Virginia is expected today to be the first state to opt in to AT&T FirstNet plans to build a wireless public safety network that ultimately will interconnect with public safety networks in all 50 states. Virginia governor Terry McAuliffe announced the decision at an event today.

“Firstnet will put modern technologies that citizens use every day – like smartphones and apps – into the hands of Virginia’s first responders, helping them help save lives and protect residents while creating a single, interoperable system across the Commonwealth and across the country,” said McAuliffe in a press release.

States Must Opt in to AT&T FirstNet Plan
The name FirstNet applies to both the planned nationwide public safety network and the independent authority within the U.S. Department of Commerce responsible for the network. In March, that independent authority announced that AT&T had been chosen to build the nationwide network using $6.5 billion raised through the reverse auction of TV broadcast spectrum and an additional $40 billion to be contributed by AT&T.

In June, AT&T submitted details about the network it proposes to build in individual states to authorities in each state. Individual states have the option of opting in or out of those plans. If a state opts out, it is responsible for selecting a different network operator to construct the network in that state, which must conform to established guidelines.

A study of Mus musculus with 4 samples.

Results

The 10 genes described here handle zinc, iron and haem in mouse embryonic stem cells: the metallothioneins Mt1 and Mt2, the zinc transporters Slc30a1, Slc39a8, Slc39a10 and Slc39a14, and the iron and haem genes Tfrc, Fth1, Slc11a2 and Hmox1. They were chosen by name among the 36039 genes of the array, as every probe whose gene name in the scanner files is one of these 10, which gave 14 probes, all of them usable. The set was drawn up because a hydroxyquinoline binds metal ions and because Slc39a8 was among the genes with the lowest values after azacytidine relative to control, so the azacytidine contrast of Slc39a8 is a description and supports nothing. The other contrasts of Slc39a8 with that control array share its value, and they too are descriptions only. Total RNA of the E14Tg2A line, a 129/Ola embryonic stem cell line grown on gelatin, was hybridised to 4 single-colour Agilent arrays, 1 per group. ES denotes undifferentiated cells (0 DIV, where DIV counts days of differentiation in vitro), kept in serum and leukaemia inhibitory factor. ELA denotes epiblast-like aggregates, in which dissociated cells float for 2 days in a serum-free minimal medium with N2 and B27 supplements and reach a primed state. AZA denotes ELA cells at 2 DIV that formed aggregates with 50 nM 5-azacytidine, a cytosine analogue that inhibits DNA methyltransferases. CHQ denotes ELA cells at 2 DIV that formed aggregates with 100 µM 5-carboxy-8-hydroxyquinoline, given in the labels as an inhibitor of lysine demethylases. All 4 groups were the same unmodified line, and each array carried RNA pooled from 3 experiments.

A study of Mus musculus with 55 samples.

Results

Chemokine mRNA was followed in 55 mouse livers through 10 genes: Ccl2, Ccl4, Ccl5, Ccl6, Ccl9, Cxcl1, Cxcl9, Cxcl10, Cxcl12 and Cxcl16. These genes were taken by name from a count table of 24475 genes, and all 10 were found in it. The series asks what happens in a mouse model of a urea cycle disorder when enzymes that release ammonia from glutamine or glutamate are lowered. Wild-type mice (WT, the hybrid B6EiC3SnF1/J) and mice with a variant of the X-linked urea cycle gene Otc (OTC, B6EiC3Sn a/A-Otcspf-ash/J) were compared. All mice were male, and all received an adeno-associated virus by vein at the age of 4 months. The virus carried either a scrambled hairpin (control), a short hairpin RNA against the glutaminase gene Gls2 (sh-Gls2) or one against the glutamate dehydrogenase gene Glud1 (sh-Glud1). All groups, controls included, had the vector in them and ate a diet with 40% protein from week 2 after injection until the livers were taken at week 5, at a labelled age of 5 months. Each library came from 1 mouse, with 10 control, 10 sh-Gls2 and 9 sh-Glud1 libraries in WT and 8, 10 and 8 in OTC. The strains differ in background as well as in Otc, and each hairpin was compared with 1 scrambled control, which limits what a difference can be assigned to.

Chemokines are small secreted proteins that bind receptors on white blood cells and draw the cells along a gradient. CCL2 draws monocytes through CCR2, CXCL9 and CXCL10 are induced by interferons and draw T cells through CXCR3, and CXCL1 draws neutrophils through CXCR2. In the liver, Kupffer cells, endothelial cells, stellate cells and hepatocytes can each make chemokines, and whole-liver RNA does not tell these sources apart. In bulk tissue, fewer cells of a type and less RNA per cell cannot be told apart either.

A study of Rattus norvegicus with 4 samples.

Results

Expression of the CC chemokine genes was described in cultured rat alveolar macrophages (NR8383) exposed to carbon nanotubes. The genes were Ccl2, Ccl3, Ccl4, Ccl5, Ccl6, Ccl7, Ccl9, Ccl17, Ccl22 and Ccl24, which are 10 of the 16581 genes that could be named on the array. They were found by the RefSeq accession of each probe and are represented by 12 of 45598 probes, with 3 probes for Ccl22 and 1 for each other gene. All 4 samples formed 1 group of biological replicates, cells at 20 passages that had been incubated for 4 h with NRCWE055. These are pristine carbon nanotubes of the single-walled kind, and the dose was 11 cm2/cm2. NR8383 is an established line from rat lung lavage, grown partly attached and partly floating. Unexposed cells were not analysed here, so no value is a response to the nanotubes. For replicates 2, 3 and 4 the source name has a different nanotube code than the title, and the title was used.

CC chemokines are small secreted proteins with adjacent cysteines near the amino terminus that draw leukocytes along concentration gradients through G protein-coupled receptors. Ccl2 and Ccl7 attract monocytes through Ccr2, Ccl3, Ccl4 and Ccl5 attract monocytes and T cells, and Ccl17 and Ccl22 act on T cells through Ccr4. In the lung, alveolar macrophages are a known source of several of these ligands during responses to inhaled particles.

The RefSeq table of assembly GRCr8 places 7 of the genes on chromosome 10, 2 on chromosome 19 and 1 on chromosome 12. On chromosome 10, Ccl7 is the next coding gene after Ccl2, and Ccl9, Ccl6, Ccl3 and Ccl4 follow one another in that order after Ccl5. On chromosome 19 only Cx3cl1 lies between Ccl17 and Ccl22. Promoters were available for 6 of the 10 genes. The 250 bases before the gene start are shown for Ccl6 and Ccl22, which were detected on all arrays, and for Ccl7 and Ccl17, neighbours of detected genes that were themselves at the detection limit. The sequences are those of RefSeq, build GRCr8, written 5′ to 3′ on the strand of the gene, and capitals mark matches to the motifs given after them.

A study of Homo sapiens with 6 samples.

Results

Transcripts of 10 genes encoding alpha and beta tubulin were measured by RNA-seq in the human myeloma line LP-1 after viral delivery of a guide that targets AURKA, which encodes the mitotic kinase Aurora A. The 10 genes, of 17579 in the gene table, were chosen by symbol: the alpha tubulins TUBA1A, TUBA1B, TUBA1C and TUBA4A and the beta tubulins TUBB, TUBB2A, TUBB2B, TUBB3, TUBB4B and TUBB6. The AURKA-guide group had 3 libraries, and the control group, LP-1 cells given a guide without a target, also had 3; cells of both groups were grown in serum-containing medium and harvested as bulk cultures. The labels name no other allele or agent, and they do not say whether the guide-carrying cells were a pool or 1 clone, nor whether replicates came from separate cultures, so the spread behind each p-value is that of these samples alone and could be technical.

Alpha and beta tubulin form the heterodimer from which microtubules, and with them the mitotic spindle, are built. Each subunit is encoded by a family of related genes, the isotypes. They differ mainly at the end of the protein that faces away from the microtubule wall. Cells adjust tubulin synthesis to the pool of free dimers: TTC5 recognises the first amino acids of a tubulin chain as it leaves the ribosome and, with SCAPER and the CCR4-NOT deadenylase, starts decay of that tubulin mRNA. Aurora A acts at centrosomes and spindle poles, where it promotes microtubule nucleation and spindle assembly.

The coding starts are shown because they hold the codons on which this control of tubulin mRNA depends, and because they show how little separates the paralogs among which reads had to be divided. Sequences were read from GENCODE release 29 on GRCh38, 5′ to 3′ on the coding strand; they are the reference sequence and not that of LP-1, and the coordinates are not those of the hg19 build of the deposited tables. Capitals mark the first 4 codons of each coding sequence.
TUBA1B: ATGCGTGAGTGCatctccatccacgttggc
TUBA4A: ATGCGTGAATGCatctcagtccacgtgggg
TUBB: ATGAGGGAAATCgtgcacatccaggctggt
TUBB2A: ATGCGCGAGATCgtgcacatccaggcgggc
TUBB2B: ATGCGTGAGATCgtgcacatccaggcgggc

First responders in Virginia will see benefits even before AT&T completes construction of the public safety network in that state. As today’s press release notes, first responder subscribers will gain “immediate access to quality of service and priority to voice and data across the existing nationwide AT&T LTE network.” By year-end, first responders also are expected to be able to pre-empt other users on the AT&T network, the release states.

As part of its partnership with FirstNet, AT&T gains access to 20 MHz of spectrum in the 700 MHz band, in which the public safety network will be built. When and where that network is not in use by public safety, regular AT&T customers will be able to use it. The company also has indicated that it expects to gain cost efficiencies by building out some of its own spectrum at the same time that it builds the public safety network.

According to today’s press release, AT&T’s Virginia FirstNet proposal was designed with input from more than 90 meetings with that state’s public safety community. Unique communications needs included the importance of maritime coverage and increasing coverage in rural areas, as well as coordination with military and federal government, FirstNet and AT&T said.

Image courtesy of flickr user First Responder Network.